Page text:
Behaviour Change

PROPAGANDA FOR CHANGE is a project created by the students of Behaviour Change (ps359) and Professor Thomas Hills @thomhills at the Psychology Department of the University of Warwick. This work was supported by funding from Warwick's Institute for Advanced Teaching and Learning.

Friday, February 27, 2015

Chicken dance

This video consists of two commercials. The first advertisement is of the new (at the time) Mercedes Magic Body Control suspension system.

The second advert was made by Jaguar in response, as part of the 'commercial battle' between the two brands. The man holding the chickens is revealed, and portrayed as slightly dreamy and distracted, not focusing very much on the chicken or controlling its movements as much. He then suggests the whole 'dance' is 'just like a Mercedes', clearly referring to the brand's own advertisement. He gets distracted again for a moment, and a big jaguar immediately eats the chicken. The slogan then goes on to say 'Magic Body Control? We prefer cat-like reflexes'.

This advertisement by Jaguar seems to fit the Extreme Situation Template, as outlined by Goldenberg, Mazursky and Solomon (1999). According to this template, one of the 6 identified as often present in successful advertisements, unrealistic situations are presented to emphasise crucial attributes of the advertised product/service. There are three versions of this template: the absurd alternative version, the extreme attribute version and the extreme worth version (where the attributes are exaggerated to the extreme). The absurd alternative version in particular seems especially fitting. This category suggests that alternative options may be shown, but in the context so absurd, that the potential customer will not have any doubts about the superiority of the advertised product.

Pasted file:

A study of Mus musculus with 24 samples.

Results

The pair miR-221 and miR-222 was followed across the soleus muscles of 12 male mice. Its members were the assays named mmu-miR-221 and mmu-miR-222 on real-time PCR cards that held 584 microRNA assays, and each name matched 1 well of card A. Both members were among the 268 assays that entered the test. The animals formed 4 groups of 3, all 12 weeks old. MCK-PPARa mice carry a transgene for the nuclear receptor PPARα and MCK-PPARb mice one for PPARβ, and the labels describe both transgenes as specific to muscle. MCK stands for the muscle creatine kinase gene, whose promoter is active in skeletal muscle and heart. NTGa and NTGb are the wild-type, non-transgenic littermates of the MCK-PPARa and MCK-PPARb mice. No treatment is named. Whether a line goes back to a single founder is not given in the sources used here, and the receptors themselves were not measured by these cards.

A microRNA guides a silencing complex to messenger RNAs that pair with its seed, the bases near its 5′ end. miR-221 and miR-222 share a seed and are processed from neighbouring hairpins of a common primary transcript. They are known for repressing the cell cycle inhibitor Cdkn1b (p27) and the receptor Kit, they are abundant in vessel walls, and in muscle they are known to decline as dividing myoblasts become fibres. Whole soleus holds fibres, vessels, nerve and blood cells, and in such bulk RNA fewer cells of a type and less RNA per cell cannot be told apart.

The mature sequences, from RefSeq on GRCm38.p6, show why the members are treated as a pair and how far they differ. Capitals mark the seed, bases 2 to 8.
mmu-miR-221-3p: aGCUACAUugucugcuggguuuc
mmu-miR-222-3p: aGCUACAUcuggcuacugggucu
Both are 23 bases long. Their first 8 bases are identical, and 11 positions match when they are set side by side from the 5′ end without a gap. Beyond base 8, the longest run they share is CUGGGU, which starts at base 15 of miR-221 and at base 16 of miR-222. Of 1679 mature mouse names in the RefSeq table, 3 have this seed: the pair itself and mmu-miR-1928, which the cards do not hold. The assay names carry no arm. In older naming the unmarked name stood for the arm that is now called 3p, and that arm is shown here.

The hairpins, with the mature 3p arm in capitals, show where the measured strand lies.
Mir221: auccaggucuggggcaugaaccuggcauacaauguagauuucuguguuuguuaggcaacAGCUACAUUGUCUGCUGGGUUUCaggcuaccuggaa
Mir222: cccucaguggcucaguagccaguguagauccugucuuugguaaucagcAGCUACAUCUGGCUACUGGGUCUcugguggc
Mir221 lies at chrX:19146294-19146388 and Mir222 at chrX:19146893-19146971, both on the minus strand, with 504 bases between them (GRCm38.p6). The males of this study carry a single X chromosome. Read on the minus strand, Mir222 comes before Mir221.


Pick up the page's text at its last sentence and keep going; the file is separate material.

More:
In the case with the Jaguar advertisement, the positive attributes of the Mercedes product are demonstrated (even though in a slightly mocking light). However, when the jaguar eating the chicken is shown, it becomes immediately apparent that the 'cat-like reflexes' are superior to 'magic body control', as the latter was in essence helpless when faced by the former. While not directly discounting the Mercedes' product, Jaguar insinuates that it would be ridiculous to choose it, making the consumer realise the very absurdity of such choice.

Goldenberg, J., Mazursky, D., & Solomon, S. (1999). The fundamental templates of quality ads. Marketing science18(3), 333-351.